How do hedgehogs mate? Carefully, as the old joke goes. Last night I didn’t quite get to witness mating, but did get to watch hedgehog courtship at close quarters.
Just before I went to bed last night, I went down to the patio door to see if there were any hedgehogs about. It was still quite light, so I wasn’t expecting one, but there, snuffling round just the other side of the door, was a small hedgehog (trying to hoover up any mealworms Reproachful Robin had dropped from the feeder attached to the door).
Please to see one so close (separated only by the doubleglazing), I glanced round the garden and saw another, larger hedgehog approaching. He clearly was not after the mealworms.
What ensued was a protracted courtship. He circled her, trying to get her, occasionally rubbing the side of his snout against the ground (do they have scent glands there?). She, equally determined, snorted regularly and turned round on the spot to make sure he never got behind her.
Occasionally he would change direction, and try another angle of approach. When she moved away from the door, so her back was no longer protected by it, I thought she might be softening towards him. But the circuits continued. From time to time she would seem to get annoyed with him, and charge him. But then the dance continued.
It was fantastic seeing such an intimate moment at such close quarters. But after 45 minutes of this, tiredness won and I headed up to bed. So I’ve no idea how it ended. Let’s hope we have little hoglets visiting the garden soon!
The chicks are a week old now, and the change in them has been remarkable. Counting them is still a bit of a challenge, as there always seems to be one chick or another buried under a pile of siblings, but occasionally we do get a glimpse of all eight at once.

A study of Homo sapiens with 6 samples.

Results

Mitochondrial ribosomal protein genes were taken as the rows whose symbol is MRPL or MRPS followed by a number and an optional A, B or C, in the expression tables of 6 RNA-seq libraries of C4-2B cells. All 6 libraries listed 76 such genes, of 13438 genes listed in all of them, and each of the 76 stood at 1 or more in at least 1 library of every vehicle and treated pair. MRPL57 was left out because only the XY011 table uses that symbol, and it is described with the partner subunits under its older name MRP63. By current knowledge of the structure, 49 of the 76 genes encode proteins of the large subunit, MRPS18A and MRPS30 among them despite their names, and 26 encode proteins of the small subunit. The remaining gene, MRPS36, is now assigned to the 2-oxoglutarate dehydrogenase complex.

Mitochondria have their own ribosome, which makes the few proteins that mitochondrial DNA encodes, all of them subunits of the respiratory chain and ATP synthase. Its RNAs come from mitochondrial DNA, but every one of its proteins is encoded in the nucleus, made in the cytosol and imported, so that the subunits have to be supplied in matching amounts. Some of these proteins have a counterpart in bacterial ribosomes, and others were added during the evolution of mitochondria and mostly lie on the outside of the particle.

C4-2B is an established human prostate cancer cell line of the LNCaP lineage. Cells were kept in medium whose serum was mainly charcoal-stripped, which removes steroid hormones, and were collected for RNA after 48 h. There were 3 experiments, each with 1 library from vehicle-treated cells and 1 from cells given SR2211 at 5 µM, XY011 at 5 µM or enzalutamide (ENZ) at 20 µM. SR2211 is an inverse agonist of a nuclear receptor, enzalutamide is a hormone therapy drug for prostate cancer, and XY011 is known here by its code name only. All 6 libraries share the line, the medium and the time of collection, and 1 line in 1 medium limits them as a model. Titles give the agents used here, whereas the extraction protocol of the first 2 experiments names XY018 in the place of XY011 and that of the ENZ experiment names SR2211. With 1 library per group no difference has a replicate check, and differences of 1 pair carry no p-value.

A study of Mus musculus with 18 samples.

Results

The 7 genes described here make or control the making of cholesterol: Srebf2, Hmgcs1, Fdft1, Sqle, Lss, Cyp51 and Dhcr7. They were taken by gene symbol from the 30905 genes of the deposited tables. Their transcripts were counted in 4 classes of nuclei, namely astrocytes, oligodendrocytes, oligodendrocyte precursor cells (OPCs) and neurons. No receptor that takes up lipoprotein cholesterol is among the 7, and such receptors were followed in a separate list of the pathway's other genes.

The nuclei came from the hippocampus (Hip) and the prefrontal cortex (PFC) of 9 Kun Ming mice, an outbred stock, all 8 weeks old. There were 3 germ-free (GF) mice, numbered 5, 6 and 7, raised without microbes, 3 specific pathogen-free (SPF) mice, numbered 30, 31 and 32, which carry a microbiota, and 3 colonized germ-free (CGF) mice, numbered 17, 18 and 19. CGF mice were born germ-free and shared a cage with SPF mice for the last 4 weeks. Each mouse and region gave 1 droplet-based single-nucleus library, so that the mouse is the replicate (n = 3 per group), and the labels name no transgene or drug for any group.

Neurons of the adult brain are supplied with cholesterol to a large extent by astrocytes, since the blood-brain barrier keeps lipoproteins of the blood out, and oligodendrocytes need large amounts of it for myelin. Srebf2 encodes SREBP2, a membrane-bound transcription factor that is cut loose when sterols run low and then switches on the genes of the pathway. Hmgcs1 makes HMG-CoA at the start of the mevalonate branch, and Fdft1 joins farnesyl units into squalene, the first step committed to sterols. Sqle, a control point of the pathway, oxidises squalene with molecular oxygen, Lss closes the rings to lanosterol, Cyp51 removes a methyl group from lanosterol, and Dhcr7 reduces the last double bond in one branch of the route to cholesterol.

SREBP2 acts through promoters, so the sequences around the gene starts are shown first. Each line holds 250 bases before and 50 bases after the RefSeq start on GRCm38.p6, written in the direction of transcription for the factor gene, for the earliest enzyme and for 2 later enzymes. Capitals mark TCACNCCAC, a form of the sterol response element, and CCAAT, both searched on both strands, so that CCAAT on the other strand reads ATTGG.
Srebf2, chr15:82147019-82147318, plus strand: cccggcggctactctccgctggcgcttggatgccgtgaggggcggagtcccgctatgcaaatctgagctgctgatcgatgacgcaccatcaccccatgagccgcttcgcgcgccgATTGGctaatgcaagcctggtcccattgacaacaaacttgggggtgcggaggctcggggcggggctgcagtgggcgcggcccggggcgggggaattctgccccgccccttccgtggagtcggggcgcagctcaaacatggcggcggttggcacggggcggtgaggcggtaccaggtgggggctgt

They’re a lot noisier now than when they first hatched, and while they still look a little bit like monsters, their feathers are beginning to grow, and they don’t like quite so much like they’ll snap whenever they fling their heads back for food.
The parents have both been kept busy catching insects to feed to the demanding crowd, and disposing of droppings. Sometimes when a chick eats a particularly large insect you can see the bulge move down its throat as it swallows.
In the last day or so one or two of the chicks have looked like they were trying to climb out of the bowl of the nest, and almost making it. They’re getting a lot stronger and their stubby wings are growing.
They’re behind most of the nests in the dormouse site I monitor – the chicks I saw there on Saturday looked like mini-bluetits, complete with proper feathers, almost ready to fledge.
This time next week the chicks may have fledged. They’ve got quite a lot of developing to do before then, but it’s remarkable how quickly they’ve grown already. Of course, life is precarious for chicks, so I’m not counting my bluetits before they fledge. But they’ve done well to make it this far.
My weekend was made when I turned on the TV and saw the bluetits in our camera nest box were hatching.
The newly hatched chicks look so vulnerable, it’s amazing any ever survive to fledge. Their tiny necks look much to weak to support their heads, yet when a parent bird enters with an insect, the chicks manage to fling their heads back and open their beaks.
At first the chicks were silent, floppy little things. It’s hard to count how many there are as it’s not obvious what bits belong to which chick. By the end of Sunday, our best guess was that five chicks had hatched, and three eggs remained.
It’s wonderful to see chicks in the camera nest box. Last year a pair of bluetits started building a nest in it, but gave up. When we put the camera back in this February, we couldn’t remember if we had cleaned the box out last autumn, or if the nesting material in there was last year’s. It took a while to be sure that bluetits were adding to what was in there.
A few years ago we had two successful house sparrow broods, but nesting materials blocked the camera, so we couldn’t see what was going on.
The only previous time bluetits have hatched in the box, none of them survived to fledge, as one of the adults went missing, and the lone parent wasn’t able to keep up the supply of 100 caterpillars a day that each chick needs. I hope this year’s brood will be more successful.
It’s a privilege to be able to witness such a special moment.